Comparisons of Public and Private Employees: Professor Justin Bullock’s Cross-Countries Examination

This summer (from May to September), Taiwan Institute for Governance and Communication Research (TIGCR) is honored to invite Professor Justin Bullock, Assistant Professor of Public Service and Administration Department, Texas A&M University, as visiting scholar. His research domain includes, but not limited to public administration, artificial intelligence (AI), and political communication. During the 3 months scholarly visiting, TIGCR will have more chances collaborating with Professor Bullock with several public academic events to be held.

The first public speech was held on May 29th, chaired by Chi Huang, University Chair Professor, Department of Political Science and Director of TIGCR, NCCU. Bullock shared his past studies on “International Comparisons of Public and Private Employees”, with observation on employees’ orientation motivation, attitudes, income, and job securities.

Professor Bullock's speech video

(Video credit: TIGCR)

In the beginning of the speech, Bullock asked the audiences a few questions, including “Why are you attending NCCU?” and “What motivates you to work in the Public Sector?”, managing to engage the audiences thinking about the speech focus: factors of choices and motivations.

Professor Bullock delivered a public speech

(Photo credit: TIGCR)

Professor Liao chaired the speech

(Photo credit: TIGCR)

Bullock then explained with 3 of his past research outcomes to answer the question why and how people owned various factors of motivation in the workplace. First, he surveyed 32 countries by the International Social Survey Programme’s (ISSP) 2009 Social Inequality Module. The survey showed government workers and private non-supervisors emphasize more on the role of hard word for getting ahead in society, compared to the private supervisors.

He continued to discuss the international comparison of work motives between public and private employees. This survey applied the ISSP 2005 Work Orientation Module to examine approximately 18,000 employees from 30 countries. The result indicated that, in almost all the countries examined, public employees showed much stronger public service motives, with higher perceived social impact and organizational commitment, than their private sector counterparts. To our surprise, high-income motives are not viewed as top-one work motivation by the group of public employees.

Professor Bullock answered the question

(Photo credit: TIGCR)

At last, Bullock presented his studies on cross-sector comparisons of work motives in consideration of culture, occupation and national economic status. Combined ISSP data with Hofstede’s Cultural Dimensions and World Bank data for 25 countries, he concluded that public employees considered job securities as much important factors compared to income, while there is little difference between the public and private sectors.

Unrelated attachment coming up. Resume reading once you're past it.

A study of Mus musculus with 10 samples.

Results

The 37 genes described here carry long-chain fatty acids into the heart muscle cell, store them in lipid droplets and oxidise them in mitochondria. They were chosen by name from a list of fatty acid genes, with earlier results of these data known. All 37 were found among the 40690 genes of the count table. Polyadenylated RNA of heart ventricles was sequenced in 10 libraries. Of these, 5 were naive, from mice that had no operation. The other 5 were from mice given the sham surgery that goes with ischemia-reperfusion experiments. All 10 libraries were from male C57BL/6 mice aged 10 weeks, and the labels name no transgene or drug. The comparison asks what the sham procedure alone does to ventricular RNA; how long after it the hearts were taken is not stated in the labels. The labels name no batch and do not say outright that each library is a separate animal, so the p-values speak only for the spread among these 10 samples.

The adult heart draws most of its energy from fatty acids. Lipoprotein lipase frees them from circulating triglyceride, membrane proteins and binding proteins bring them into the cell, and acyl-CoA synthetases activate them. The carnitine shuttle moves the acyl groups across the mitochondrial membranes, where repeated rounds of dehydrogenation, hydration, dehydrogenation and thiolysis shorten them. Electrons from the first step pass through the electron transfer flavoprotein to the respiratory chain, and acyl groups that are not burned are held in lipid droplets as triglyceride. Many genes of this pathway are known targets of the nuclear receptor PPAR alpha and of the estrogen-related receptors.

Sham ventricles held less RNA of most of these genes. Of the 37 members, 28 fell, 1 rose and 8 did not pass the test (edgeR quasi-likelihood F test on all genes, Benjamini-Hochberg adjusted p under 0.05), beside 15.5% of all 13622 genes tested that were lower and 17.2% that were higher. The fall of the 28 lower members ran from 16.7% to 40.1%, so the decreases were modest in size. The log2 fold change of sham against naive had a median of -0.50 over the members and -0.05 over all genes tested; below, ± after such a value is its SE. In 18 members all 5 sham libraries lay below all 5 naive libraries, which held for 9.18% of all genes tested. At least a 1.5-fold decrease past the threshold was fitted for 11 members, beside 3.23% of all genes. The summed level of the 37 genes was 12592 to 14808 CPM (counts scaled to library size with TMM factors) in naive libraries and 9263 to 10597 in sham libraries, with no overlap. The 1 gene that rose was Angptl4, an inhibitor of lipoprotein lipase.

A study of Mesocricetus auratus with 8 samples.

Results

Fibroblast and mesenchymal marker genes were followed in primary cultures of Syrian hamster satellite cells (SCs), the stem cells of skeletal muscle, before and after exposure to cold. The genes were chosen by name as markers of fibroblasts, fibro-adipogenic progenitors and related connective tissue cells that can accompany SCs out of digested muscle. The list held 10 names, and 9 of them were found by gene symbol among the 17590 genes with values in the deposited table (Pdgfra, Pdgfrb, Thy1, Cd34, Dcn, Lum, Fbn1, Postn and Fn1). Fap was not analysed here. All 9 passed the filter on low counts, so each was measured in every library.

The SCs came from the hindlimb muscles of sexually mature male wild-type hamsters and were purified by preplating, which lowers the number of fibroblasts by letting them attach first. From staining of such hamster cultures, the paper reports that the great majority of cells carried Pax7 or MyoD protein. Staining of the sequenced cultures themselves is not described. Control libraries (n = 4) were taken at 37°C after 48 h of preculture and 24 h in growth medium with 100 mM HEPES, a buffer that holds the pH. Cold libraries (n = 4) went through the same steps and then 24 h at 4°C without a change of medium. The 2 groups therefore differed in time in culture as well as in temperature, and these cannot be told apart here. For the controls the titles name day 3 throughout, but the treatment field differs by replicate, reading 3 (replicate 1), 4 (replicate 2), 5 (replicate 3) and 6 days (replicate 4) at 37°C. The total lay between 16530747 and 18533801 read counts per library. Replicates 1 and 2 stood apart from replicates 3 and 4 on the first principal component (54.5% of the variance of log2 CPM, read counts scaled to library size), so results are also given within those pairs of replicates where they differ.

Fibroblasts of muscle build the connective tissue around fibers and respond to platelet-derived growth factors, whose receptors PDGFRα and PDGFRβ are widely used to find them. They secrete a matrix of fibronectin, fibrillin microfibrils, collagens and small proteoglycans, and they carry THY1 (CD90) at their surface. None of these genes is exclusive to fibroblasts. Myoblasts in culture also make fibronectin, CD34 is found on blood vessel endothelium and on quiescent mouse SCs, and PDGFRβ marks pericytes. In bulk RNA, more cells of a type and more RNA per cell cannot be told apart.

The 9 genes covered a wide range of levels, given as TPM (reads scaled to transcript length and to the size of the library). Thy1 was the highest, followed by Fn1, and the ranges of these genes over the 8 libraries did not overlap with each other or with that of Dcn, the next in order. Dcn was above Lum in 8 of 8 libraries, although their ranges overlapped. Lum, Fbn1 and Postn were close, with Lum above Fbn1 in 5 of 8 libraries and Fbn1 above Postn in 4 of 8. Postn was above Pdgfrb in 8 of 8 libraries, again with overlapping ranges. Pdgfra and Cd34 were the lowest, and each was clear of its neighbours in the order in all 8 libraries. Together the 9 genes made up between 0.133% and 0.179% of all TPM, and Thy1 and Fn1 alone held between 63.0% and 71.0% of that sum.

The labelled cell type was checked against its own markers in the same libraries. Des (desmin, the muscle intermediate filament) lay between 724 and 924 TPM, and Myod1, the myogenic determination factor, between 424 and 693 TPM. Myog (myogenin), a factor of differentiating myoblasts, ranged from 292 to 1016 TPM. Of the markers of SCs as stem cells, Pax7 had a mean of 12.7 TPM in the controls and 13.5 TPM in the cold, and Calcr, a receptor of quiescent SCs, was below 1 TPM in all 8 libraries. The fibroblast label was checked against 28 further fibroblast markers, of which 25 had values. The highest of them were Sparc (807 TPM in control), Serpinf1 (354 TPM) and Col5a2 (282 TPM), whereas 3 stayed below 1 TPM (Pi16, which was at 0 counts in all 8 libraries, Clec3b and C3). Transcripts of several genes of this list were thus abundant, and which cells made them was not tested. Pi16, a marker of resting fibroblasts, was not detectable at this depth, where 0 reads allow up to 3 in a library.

After the speech, the audiences asked Bullock questions actively, which surrounding the issues covering the bureaucratic differences between Taiwan and the United States. Bullock answered with his perspectives on Taiwan’s recruiting and pension reform system, suggesting that these are the distinct characteristics of Taiwan bureaucracy, which is likely to influence employee’s working motives.

Group photo after the speech

(Photo credit: TIGCR)

On the afternoon of May 29, Professor Bullock had a close-door discussion with TIGCR research faculty, exchanging experiences on the panel survey of bureaucrats between Taiwan and the United States. They were all looking forwards to further research collaboration.

Professor Bullock’s public speech was recorded. In the future, his insightful speech will be available on TIGCR’s official websites. 



Bullock, Justin B., Jeffrey B. Wenger, and Vicky M. Wilkins. 2014. "Attitudes about Hard Work: A Global Perspective on the Beliefs of Government Employees." International Public Management Journal 17(1): 25-44.

Bullock, Justin B., Stritch, J. M., and Rainey, H. G. 2015. “International Comparison of Public and Private Employees’ Work Motives, Attitudes, and Perceived Rewards.” Public Administration Review 75(3): 479-489.

Bullock, Justin B., Hansen, J. R., and Houston, D. J. 2018. “Sector Differences in Employee’s Perceived Importance of Income and Job Security: Can These be Found Across the Contexts of Countries, Cultures, and Occupations?” International Public Management Journal 21(2): 243-271.